About This Book


Inspiring Chicken Soup for the Soul stories and accessible leading-edge medical information from Dr. Marie Pasinski of Harvard Medical School. Many people would like to enhance their brainpower and are looking for help to do just that. Others are retraining their brains after traumatic injuries or strokes. Others are looking for ways to keep their brains young and dynamic. This book will fascinate you with stories and useful information on how to improve your own brain.


Inspired by Chicken Soup for the Soul: Boost Your Brain Power!
By Dr. Marie Pasinski of Harvard Medical School with Liz Neporent

You may spend hours at the gym each week working on your body and staying in shape, but have you done anything lately to strengthen your brain? Neurologist Dr. Marie Pasinski argues that the brain is the most important organ in your body. In her new book, Chicken Soup for the Soul: Boost Your Brain Power!, she explains that it is never too late to redesign and reenergize your mind, no matter what your age. Here are five tips to keep your intellect sharp and your brainpower at full throttle, with some real-life examples from the stories included in the book.

1. Remember to exercise your brain muscle. Many of us have stopped flexing our memory muscles, especially since we've ceded a good portion of our memory skills to electronic devices. The good news is that by challenging your memory, no matter what its current condition, you can make improvements. When Dr. Pasinski was a waitress as a young adult, she challenged herself to remember all her orders without writing them down. This little exercise served as great training for later in life, giving her an edge during medical school, and still helps her today as a busy neurologist. Like any other brain function, practice makes perfect. The more you work on improving your memory, the stronger it will become.

2. Use social stimulation to maintain cognitive function. High quality social connections appear to protect against cognitive decline. Recent studies show a 25 percent reduction in the risk of developing dementia among seniors who report feeling satisfied with the relationships in their lives. When Jacqueline Seewald asked her 95-year-old mother-in-law, who still lived independently, how she kept her mind sharp, she said it was all about her social interactions. "For me, it's contact with family and friends. Since I can't get around the way I used to do, I talk on the telephone. It keeps me connected. I also sit out on the front porch and observe what's going on in the neighborhood. Sometimes neighbors drop by and visit," she says.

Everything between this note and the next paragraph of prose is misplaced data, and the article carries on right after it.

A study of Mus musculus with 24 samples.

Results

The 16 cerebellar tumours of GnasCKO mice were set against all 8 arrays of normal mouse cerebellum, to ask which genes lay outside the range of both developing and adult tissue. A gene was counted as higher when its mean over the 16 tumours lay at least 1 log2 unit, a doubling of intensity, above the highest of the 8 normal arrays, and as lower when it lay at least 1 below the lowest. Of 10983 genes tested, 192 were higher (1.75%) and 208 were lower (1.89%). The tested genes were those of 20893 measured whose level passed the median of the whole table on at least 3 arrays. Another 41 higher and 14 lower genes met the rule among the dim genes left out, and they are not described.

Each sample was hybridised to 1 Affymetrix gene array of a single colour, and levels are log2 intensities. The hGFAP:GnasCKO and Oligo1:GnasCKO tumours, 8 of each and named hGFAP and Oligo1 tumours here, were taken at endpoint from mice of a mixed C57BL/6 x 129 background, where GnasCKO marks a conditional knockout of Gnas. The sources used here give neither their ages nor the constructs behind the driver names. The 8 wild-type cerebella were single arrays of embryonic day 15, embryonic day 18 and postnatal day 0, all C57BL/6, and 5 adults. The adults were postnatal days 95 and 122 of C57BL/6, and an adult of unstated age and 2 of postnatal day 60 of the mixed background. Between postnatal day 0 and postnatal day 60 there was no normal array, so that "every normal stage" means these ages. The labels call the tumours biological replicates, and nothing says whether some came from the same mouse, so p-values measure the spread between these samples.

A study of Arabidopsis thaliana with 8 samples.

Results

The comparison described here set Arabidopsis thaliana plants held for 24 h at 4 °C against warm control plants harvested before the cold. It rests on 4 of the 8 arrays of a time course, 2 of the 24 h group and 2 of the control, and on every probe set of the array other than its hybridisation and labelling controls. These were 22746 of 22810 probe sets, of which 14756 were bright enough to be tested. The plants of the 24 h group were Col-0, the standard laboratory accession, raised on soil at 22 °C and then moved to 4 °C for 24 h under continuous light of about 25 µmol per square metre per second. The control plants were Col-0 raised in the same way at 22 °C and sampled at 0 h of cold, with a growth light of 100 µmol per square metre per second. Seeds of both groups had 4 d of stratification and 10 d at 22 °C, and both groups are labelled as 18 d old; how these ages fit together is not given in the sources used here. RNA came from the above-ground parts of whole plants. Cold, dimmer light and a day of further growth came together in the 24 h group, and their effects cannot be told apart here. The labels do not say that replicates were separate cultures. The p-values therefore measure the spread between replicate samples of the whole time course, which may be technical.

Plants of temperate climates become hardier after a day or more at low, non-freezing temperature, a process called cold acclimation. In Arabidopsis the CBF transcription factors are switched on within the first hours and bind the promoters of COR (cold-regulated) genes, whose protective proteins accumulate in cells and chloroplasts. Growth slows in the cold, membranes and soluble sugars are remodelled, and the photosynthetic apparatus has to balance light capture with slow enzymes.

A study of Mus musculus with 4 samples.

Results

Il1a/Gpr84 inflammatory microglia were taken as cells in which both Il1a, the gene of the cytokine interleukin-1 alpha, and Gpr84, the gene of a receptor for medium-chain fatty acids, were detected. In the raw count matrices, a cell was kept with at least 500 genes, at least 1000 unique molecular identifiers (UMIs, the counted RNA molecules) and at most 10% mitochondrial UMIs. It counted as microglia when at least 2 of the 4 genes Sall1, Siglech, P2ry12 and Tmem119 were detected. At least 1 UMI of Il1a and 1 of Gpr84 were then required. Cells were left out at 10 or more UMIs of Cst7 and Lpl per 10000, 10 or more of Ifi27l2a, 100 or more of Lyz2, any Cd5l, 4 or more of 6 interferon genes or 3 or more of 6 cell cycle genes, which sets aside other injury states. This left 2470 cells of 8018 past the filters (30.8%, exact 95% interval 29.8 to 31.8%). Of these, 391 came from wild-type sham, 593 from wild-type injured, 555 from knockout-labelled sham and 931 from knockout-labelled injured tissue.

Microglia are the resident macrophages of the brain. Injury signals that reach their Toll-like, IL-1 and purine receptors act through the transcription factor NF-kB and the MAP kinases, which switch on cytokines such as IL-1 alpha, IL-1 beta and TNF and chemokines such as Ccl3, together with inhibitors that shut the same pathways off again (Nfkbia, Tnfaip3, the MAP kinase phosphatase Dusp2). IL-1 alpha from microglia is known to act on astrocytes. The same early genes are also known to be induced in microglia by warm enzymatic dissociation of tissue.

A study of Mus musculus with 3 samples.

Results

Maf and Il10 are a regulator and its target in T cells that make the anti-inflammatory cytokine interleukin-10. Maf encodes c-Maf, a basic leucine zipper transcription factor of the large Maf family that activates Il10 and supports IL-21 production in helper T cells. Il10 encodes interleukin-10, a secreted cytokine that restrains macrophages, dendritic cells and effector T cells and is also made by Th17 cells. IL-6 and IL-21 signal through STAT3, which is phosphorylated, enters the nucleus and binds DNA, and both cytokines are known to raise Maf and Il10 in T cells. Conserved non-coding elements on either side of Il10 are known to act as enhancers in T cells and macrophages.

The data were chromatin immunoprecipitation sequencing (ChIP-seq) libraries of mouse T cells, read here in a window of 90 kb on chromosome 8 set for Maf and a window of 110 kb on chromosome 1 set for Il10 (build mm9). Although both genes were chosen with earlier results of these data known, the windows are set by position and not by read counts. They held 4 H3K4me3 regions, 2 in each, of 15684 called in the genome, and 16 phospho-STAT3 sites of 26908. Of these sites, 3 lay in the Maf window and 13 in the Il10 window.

3. Continuing your education reduces your risk of Alzheimer's and dementia. If you continue to challenge your mind, embrace new activities and acquire new skills you can continue to build new neural connections indefinitely. One proven way to do this is to pursue as much education as possible. Studies show that the more time you've spent hitting the books, the lower the risk of Alzheimer's. Patricia Gordon retired early at age 49, so she decided to take a college Japanese language course so she could communicate with extended family. Although it was difficult for her to keep up at first, she stuck with it and found many benefits. Patricia says "Even though I was busier, going to class and doing the homework, I was better able to keep my appointments, even when Dad passed away suddenly and I had to take care of hundreds of details for Mom. I found myself remembering names and directions. And I became more efficient with my time."

4. Eat right and exercise to keep your brain young. Exercise just may be the most potent brain booster of all. It is guaranteed to enhance the very structure of your brain, improve your memory, uplift your mood, protect against stroke and decrease your risk of Alzheimer's disease. Moving your body on a regular basis is better than any pill, prescription or over-the-counter supplement for preserving and enhancing the structure and function of the brain. Novelist and writing instructor Dallas Woodburn always gets funny looks when she tells her students that exercise will improve their writing, but it is something she learned firsthand. "Exercise remains an integral part of my daily routine. And not just for my writing—I've found that exercise makes me feel more balanced, mentally sharp and in touch with my emotions, which positively affects all facets of my life," Dallas says.

5. Get enough sleep for a fully functioning brain. Beyond improved memory, concentration, reasoning and mood, scientists agree that sweet dreams are critical for maintaining a healthy brain and body. Experts suggest the average person needs between seven and nine hours a night. Marla Thurman was having trouble sleeping, and it was affecting almost every aspect of her life. "Everything bad in life was made worse by the simple lack of sleep. A writer and a tutor, I found I couldn't concentrate. My memory failed. I forgot simple things," Marla says. When she was diagnosed with sleep apnea and given a machine that helped her rest, she was amazed at the difference it made. "I immediately felt like myself again. My memory functioned normally. I could even read books!"